After being Struck by hurricane Katia and feeling the powerful shakes of an 8.1 earthquake off its coast in early September, Mexico was struck by a 7.1 earthquake on Tuesday afternoon. This is the largest earthquake Mexico has experienced since 1985 when an 8.0 earthquake killed 5,000 people.

In the midst of performing earthquake drills on the anniversary of the 1985 earthquake, Mexico City began to shake. Images are pouring in of buildings being demolished and survivors seeking medical help. Citizens and rescue crews searched through the night under the rubble for loved ones and victims who might be trapped.

In southern Mexico City, 25 people were killed inside the Escuela Enrique Rebsamen, an elementary and primary school, after it collapsed in on itself. Of the victims, 21 of them were young children.

The Weather Channel is reporting that at least 225 people have been killed.

Facebook has set up a safety check where users can pin their location and inform loved ones that they are safe. Users are also taking to Twitter to express their condolences for victims.

2017 extreme weather

This year's hurricane season has brought devasting and extreme weather.

Three weeks ago, Hurricane Harvey flooded Houston and stranded Texans in surrounding towns. Immediately afterward, Hurricane Irma, one of the worst hurricanes ever witnessed, demolished the Carribean and soaked the majority of Florida. Survivors of this hurricane are now experiencing 140mph plus winds from category 4 Hurricane Maria -- the strongest hurricane to hit Puerto Rico in almost 90 years.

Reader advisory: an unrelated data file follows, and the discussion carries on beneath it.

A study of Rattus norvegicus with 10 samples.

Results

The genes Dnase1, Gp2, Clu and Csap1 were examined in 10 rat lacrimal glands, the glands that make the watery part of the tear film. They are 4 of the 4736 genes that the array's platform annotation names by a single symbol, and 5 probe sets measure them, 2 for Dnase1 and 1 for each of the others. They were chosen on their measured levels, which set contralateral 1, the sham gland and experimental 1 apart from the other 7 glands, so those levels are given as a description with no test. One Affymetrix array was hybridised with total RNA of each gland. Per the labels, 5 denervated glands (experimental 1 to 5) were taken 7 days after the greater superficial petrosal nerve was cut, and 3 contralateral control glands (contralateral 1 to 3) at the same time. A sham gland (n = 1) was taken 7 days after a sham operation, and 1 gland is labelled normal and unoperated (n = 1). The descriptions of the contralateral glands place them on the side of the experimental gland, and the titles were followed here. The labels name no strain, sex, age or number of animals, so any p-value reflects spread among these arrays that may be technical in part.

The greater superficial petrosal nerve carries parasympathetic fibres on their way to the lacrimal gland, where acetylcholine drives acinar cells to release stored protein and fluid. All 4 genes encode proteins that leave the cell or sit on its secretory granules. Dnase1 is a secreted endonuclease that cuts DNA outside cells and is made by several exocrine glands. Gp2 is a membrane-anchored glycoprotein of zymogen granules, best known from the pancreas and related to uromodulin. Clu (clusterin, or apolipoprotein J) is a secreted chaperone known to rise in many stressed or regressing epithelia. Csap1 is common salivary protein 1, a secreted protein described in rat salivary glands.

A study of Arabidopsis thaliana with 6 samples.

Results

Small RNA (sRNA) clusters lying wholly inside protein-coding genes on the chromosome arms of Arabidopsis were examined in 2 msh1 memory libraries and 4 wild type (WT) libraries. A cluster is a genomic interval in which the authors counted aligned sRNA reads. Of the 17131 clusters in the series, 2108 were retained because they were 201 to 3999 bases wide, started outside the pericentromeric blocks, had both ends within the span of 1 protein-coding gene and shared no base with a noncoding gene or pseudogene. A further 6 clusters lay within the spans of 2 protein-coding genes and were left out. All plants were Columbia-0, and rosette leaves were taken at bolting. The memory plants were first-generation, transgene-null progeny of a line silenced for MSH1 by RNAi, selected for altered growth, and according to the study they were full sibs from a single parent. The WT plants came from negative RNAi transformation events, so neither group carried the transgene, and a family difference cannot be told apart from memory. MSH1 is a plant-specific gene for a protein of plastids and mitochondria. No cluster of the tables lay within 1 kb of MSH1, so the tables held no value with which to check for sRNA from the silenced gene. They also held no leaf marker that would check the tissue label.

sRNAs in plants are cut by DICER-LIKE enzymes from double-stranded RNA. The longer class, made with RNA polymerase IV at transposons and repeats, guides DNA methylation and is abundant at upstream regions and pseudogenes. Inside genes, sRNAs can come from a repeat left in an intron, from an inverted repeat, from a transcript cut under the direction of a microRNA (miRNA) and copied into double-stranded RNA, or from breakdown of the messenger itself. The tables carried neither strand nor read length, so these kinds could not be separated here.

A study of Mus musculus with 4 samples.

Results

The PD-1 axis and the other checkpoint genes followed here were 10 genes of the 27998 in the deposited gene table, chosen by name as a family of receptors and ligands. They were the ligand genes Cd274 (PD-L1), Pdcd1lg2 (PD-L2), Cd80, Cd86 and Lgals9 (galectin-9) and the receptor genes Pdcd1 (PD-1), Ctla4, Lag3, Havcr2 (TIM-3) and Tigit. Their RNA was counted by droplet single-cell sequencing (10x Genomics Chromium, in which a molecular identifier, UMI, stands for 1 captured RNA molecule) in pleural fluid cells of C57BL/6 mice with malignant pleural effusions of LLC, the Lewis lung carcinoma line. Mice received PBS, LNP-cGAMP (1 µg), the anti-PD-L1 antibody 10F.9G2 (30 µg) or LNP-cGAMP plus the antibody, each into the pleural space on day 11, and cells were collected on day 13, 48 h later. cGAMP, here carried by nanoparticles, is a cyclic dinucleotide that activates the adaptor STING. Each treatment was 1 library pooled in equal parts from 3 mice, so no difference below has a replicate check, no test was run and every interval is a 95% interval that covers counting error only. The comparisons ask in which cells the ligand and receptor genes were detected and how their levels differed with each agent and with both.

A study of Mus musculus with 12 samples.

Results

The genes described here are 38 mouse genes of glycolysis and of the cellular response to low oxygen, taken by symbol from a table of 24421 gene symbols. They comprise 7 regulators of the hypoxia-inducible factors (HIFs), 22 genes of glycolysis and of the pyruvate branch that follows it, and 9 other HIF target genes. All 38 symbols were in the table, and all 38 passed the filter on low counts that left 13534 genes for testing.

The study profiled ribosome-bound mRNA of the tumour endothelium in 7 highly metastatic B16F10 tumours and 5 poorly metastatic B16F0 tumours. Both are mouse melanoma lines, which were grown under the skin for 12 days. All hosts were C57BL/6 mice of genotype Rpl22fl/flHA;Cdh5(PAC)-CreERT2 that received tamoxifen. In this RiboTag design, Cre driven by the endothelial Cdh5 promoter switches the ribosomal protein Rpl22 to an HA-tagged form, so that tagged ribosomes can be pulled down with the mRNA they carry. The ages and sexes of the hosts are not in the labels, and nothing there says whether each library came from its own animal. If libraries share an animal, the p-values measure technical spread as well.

According to a National Geographic report, the catastrophe of 2017's hurricane season is due to issues such as warmer sea surfaces. Before Hurricane Harvey devasted Texas, it had been 12 years since the United States had been hit by a category 3 hurricane.


The destruction of Hurricane Harvey caused organizations such as the Federal Emergency Managment Agency (FEMA) to respond and provide crucial help to those affected.

Now that Irma has vanished, the task of rebuilding areas in Florida and Texas must begin. According to a report from Politifact, FEMA received $6.7 billion from Congress in 2017 to provide relief when necessary. Hurricane Harvey alone nearly wiped out the FEMA funding. Congress approved an additional $15 billion in Hurricane Harvey relief on September 8th. More funding is expected to come as cleanup and recovery from these hurricanes continues.